Melody is basically describing me:

Many introverts value depth and thoughtfulness in their work over noise and showmanship. They’re content to contribute without constant recognition or the spotlight.

And the consequences part also checks out:

While this tendency is admirable, it comes with pitfalls, especially in the modern, remote-first work world where being “out of sight” often equates to being “out of mind.” Perhaps you’ve been overlooked for a promotion because a senior leader wasn’t aware of you or your accomplishments. Or maybe your quiet demeanor has been mistaken for a lack of passion. These experiences may have awakened you to the fact that in today’s competitive workplace, hard work isn’t enough. You need to make sure your efforts are seen and acknowledged to unlock new opportunities and support.

We’re living in a very sad world that it’s not enough to work hard, you should make sure people know you’re working hard, and this doesn’t come naturally for us introverts.

Melody has some advice:

Speak up early in meetings

… introverts, with their tendency for introspection, can sometimes fade into the background during meetings, over-indexing on listening, deliberating too long (or overthinking) their contributions, or deferring to authority figures in the room. If you’ve ever held back in a meeting, waiting for the “right moment” to jump in, you know how quickly the moment can pass you by. The longer you wait, the tougher it gets to interject, and before you know it, all the good ideas are already out on the table. As the meeting progresses, your anxiety builds, making the hurdle to speak up seem even higher. You can circumvent this cycle by challenging yourself to be the second or third person to contribute in a meeting. This pushes you to overcome the initial barrier of participation, which is often the hardest part. Plus, it gets your voice and perspectives out there early when everyone’s still paying attention. Once you’ve broken the ice, you’ll likely find yourself feeling more at ease and ready to contribute even more.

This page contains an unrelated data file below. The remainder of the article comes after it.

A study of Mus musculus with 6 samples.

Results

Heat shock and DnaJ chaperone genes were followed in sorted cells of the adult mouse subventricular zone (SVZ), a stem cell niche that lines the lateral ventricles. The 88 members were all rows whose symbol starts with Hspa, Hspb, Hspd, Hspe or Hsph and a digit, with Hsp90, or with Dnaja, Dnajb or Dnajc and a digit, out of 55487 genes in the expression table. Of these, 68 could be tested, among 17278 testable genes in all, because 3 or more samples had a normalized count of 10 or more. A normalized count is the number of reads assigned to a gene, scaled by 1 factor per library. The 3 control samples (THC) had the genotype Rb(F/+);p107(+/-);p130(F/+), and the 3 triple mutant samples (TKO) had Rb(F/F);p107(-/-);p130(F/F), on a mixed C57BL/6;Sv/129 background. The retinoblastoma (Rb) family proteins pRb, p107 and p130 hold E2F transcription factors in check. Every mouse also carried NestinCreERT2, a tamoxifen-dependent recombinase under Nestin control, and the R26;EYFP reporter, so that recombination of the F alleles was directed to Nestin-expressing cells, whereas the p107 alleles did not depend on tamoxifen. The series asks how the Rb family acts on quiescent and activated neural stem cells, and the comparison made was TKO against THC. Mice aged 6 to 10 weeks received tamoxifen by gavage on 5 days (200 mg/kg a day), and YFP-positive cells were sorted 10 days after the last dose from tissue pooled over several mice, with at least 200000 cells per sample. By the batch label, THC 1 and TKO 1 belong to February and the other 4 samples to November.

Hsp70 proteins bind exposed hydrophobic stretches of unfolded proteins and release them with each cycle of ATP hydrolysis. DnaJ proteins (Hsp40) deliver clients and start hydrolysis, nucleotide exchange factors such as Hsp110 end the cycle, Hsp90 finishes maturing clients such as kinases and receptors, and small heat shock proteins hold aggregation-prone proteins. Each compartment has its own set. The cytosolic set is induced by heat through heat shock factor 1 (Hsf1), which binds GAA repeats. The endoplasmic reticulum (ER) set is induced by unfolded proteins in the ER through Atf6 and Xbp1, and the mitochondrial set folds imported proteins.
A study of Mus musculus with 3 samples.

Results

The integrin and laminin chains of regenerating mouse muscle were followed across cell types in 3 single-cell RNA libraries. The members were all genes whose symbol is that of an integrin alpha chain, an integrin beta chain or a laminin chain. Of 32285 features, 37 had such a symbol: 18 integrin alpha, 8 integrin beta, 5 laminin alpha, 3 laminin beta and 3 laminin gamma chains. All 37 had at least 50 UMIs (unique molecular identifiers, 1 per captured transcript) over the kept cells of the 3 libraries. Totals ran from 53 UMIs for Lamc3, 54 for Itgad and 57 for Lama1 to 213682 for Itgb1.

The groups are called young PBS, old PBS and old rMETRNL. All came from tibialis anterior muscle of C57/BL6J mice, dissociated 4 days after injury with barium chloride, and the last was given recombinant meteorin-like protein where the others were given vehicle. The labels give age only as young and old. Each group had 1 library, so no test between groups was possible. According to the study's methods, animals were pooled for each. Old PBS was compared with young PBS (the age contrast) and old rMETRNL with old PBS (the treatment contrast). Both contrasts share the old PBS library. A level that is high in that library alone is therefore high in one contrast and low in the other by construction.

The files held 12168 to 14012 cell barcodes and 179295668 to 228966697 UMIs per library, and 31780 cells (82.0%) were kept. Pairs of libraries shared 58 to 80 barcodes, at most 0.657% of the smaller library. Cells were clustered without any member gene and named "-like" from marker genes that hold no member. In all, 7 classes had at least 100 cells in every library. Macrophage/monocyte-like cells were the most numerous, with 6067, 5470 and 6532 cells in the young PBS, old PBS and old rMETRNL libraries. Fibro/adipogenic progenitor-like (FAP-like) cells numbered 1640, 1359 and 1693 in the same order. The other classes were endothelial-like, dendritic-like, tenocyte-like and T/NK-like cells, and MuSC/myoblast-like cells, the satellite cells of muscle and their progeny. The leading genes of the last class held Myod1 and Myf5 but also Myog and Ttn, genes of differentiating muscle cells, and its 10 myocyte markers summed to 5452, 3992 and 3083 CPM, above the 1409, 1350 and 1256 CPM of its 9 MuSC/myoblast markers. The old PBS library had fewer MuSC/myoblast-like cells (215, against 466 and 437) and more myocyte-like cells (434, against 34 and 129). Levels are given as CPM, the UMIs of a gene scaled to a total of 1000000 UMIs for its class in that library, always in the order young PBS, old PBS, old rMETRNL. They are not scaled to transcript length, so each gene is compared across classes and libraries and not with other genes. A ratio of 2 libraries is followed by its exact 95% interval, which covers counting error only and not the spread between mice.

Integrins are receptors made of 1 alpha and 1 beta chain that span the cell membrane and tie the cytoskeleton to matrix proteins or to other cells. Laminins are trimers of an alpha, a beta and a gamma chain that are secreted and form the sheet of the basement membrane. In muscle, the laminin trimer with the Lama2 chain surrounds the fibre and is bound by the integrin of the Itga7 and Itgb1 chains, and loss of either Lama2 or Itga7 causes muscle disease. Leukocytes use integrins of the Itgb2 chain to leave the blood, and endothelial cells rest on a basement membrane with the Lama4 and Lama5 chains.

Ditch self-deprecation

… introverts tend to habitually downplay their ideas and achievements. But habitually using disqualifiers like “I’m no expert on this” can lead others to underestimate your knowledge and capabilities, unintentionally signaling you’re not a go-to resource or thought leader in your area, even when the opposite is true. Over time, this can diminish your authority and influence. To change how your communication is received, swap self-deprecating statements for more assertive language. For example:

  • Instead of, “This may not be right, but…” try, “Another approach could be…”
  • Instead of, “Just throwing this out there…” try, “I’d like to propose…”
  • Instead of, “Sorry if this is off-topic…” try, “To broaden our perspective…”
  • Instead of, “I haven’t looked into this much…” try, “My initial thoughts are…”
  • Instead of, “This is just my opinion…” try, “Based on my understanding…”

Leverage asynchronous methods of communication

Unlike real-time conversations that demand immediate responses, asynchronous communication allows for a more reflective and deliberate exchange, which is a perfect fit for introverts. This gives you the opportunity to organize your thoughts and articulate your insights without the pressure of responding on the spot.